Soapbox

Why is California Democratic Party interfering in grassroots group it needs to win in November?

Mike Levin, a Democrat in California’s 49th congressional district, talks to supporters while waiting for results at a primary night party in Oceanside. He is trying to flip the House seat from Republicans.
Mike Levin, a Democrat in California’s 49th congressional district, talks to supporters while waiting for results at a primary night party in Oceanside. He is trying to flip the House seat from Republicans. The New York Times

California Democrats achieved strategic wins in the June primary, getting a candidate in the top two for the November election in all 10 U.S House seats that we hope to flip.

But voter turnout for Democrats in all but one of those districts fell below Republicans. To win on Nov. 6, Democratic campaigns must turn out every vote, so the smartest message from the party to local activists is: All hands on deck.

 
Opinion

That’s why the resurgence of the California Democratic Council is so important. The council trains local activists; in the past decade, it has helped dozens of party clubs host websites and craft organizing plans.

Hilary Crosby

One of the oldest liberal activist organizations in the country, the CDC in the 1950s drew hundreds of supporters of Eleanor Roosevelt, Adlai Stevenson and Martin Luther King Jr., and opponents of Sen. Joe McCarthy. Many noteworthy party leaders, including the late Sen. Alan Cranston and immediate past party Chairman John Burton, have their roots in the CDC.

But its finances and web-hosting program collapsed. So in February, a diverse slate of party activists from around the state – young and old, supporters of Bernie Sanders and Hillary Clinton – ran to lead the CDC. They won in a landslide, three to one – the kind of unity Democrats need to get disaffected voters to the polls.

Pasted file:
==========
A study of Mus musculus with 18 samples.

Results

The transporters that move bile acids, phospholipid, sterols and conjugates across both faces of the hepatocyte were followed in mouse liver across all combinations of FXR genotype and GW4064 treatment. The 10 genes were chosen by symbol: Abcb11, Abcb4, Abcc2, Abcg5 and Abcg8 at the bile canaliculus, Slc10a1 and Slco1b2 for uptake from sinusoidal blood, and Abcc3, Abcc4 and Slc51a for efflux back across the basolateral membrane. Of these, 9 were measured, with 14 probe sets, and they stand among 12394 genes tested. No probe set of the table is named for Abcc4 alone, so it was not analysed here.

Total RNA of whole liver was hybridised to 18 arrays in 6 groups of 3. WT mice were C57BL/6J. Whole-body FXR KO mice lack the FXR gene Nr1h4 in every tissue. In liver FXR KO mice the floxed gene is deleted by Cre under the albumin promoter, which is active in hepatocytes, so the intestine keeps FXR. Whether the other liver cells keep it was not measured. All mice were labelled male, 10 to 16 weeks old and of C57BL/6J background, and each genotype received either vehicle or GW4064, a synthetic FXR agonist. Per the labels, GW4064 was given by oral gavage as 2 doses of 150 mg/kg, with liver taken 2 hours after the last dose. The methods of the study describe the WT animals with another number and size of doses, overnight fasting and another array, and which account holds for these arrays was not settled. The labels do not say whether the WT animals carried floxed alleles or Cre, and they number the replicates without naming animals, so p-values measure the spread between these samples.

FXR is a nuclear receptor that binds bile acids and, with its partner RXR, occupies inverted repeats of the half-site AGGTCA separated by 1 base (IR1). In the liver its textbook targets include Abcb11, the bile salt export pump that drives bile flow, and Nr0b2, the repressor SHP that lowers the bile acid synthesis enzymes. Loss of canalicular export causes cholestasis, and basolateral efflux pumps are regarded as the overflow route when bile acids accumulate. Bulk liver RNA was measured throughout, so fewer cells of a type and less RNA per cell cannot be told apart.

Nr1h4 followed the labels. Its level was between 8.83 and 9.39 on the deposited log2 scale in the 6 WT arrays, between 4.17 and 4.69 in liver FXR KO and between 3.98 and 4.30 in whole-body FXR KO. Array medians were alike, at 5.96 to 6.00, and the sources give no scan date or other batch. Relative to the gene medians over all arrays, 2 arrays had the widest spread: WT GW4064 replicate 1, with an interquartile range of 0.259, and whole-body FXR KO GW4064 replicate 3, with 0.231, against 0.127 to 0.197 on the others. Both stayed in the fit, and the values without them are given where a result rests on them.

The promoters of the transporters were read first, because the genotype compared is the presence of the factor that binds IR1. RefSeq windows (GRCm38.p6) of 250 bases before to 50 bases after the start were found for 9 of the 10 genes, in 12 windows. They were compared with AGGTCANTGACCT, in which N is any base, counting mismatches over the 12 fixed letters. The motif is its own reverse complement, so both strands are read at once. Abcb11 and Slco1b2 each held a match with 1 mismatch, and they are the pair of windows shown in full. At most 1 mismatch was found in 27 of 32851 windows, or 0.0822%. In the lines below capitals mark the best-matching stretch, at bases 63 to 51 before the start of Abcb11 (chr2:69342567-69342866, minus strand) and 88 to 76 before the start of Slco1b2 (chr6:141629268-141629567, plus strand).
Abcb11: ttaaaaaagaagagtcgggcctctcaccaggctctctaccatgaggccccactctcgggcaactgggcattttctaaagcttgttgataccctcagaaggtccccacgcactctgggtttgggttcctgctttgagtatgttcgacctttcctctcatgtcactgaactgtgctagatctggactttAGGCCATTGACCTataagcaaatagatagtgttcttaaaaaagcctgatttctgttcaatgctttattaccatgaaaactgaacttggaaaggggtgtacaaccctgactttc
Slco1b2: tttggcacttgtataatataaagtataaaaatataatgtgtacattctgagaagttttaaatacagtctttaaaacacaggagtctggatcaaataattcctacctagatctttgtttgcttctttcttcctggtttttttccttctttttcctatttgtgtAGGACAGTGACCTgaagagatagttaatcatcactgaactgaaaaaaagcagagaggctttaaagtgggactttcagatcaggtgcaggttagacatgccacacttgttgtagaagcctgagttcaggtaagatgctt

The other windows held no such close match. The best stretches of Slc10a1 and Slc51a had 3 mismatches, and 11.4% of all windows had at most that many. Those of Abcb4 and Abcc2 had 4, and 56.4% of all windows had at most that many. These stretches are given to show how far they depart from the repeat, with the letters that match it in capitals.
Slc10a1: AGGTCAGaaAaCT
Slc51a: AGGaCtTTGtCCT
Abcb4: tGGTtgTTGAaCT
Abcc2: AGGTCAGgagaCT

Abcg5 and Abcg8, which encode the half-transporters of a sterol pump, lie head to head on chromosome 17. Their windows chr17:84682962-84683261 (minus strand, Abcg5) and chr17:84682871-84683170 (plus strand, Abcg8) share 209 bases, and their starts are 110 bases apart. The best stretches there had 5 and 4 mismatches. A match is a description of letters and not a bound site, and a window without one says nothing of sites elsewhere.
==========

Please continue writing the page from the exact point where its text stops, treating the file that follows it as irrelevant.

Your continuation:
The state party should be rejoicing, but instead it has threatened to nullify this contest – and the votes of three hundred party activists – even though current party rules recognize the CDC’s independence.

The ruling, released in May by a committee of party insiders loyal to current Chairman Eric Bauman, could not come at a more precarious moment. The loss of state Sen. Josh Newman in a recall election June 5 – and with him the party’s supermajority in the Senate – is a dramatic lesson in the high stakes of Democratic turnout. In presidential years, voter turnout tops 70 percent; in 2016, it swept in Newman. But when that tide recedes, as it did in the mid-term primary, Democrats often struggle.

In November, Democrats need all grassroots activists and party volunteers pulling in the same direction to claim congressional seats and flip the House. Can the state party really afford another divisive, costly debacle, like the July 2015 redo of a delegate election in Los Angeles and Glendale?

The state party must honor the CDC, the role it plays and the place at the table it has earned in the family of California Democrats.

Hilary Crosby, former controller of the California Democratic Party, is claiming to be president of the California Democratic Council. She can be contacted at President@CDC-CA.org.